A hundred minutes of intense physical and philosophical conflict, Godzilla: City on the Edge of Battle (GODZILLA – 決戦機動増殖都市) does justice to the Godzilla mythos by returning the Kaiju king to its metaphorical roots.
Godzilla: City on the Edge of Battle (GODZILLA – 決戦機動増殖都市) Synopsis
Haruo’s team survives the previous assault by Godzilla, thanks to timely rescue by a mysterious indigenous tribe called the Houtua. Through the Houtua, they also discover the remnants of Mechagodzilla, the weapon the Bilusaludo previously constructed to counter Godzilla. By fully reactivating the core of Mechagodzilla, the Bilusaludo are then able to harness Nanometal, a mysterious self-growing substance capable of killing monsters. However, to truly defeat Godzilla, the expedition force requires more than a new weapon. In the words of Metphies, the final step is for the fighters to become a monster worse than the one they face.
This was a pleasant surprise!
Unimpressed by part one which I found to be muddled and sleepy, I didn’t keep an eye out for this, and thus would have entirely missed it had Netflix not notified me. What a surprise! Ten minutes into the show, I was deeply intrigued by the new developments, much of which carries a distinctive Studio Ghibli flavour.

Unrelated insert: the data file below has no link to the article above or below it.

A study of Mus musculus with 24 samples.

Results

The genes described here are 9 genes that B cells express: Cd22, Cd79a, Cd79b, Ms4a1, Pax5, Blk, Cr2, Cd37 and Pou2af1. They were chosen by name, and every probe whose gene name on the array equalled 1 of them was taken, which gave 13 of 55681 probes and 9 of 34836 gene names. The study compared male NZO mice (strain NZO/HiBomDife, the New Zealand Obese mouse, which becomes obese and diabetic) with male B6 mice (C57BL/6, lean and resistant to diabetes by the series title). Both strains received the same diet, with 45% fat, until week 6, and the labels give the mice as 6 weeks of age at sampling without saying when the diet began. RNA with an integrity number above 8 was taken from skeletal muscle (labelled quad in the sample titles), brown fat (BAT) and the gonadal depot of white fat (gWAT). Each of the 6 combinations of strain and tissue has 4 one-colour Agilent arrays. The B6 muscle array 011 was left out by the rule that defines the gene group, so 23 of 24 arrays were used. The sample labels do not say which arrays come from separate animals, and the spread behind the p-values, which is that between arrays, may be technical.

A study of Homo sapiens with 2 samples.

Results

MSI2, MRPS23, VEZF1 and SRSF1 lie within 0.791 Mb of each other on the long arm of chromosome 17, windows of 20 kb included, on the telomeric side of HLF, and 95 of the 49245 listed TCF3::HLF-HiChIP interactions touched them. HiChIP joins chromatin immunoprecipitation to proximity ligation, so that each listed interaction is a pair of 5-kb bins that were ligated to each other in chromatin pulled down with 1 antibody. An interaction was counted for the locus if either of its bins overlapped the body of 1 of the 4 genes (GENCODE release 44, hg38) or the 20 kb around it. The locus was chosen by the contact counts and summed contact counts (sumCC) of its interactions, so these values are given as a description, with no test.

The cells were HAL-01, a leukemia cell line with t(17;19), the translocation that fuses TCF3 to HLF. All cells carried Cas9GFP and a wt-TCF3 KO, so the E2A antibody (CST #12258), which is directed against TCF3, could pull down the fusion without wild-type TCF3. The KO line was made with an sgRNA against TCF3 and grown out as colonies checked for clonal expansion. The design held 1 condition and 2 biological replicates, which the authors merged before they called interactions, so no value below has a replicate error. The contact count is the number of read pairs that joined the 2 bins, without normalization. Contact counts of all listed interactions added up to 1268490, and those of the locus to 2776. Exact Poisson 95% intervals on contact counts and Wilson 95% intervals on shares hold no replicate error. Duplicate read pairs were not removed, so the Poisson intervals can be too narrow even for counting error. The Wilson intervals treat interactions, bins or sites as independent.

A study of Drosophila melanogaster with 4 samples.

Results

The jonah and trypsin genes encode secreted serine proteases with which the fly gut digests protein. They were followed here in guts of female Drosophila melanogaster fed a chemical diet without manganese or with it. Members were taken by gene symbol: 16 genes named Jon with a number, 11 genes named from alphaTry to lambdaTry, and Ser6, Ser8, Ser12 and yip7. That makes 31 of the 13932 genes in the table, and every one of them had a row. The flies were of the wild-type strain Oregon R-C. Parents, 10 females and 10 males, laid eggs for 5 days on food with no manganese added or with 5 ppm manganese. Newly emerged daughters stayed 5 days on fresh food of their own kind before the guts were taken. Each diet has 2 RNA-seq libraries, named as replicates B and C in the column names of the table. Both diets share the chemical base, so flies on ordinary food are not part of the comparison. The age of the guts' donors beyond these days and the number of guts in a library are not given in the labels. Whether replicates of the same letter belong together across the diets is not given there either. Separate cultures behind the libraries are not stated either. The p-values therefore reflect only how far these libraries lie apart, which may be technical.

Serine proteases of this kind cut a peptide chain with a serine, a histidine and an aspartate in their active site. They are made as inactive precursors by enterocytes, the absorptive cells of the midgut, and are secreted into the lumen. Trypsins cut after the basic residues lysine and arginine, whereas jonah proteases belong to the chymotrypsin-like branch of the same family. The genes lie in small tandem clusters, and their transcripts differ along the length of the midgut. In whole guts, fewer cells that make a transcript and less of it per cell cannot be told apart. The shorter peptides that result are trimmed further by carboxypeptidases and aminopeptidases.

Hereby, let me also acknowledge the efforts, or should I say sacrifice, of the first movie. Free of the need to introduce the convoluted relationship of the three races, which was all done in part one, Godzilla: City on the Edge of Battle is able to immediately dive into the atomic heat of things. This provided for a far easier and more engrossing watching experience. It also quite successfully denotes the space for the subsequent philosophical conflicts involved.
As for the story itself, admittedly, the whole Nanometal device felt silly, although I acknowledge its role in exploring the psychological differences of the three races. On the latter, this initially came across as trite, given the viewpoints discussed aren’t exactly new to Anime.
What then saved the discussion, and for me, even elevated it, was the subsequent reminder that the three races are in some sort of curious symbiosis. They continue to cooperate till the final moments despite their differences. This cooperation, in turn, forms the unusual premise that brings out the crucial question of what Godzilla truly represents.
Those who know the origins of the beloved destroyer would have the answer on hand, just as they would be able to guess who the darling in the third movie would be. In my case, I additionally appreciated the subtle social satire behind the social comparisons. I did, despite this being achieved at the cost of Goddy having fewer rampaging moments.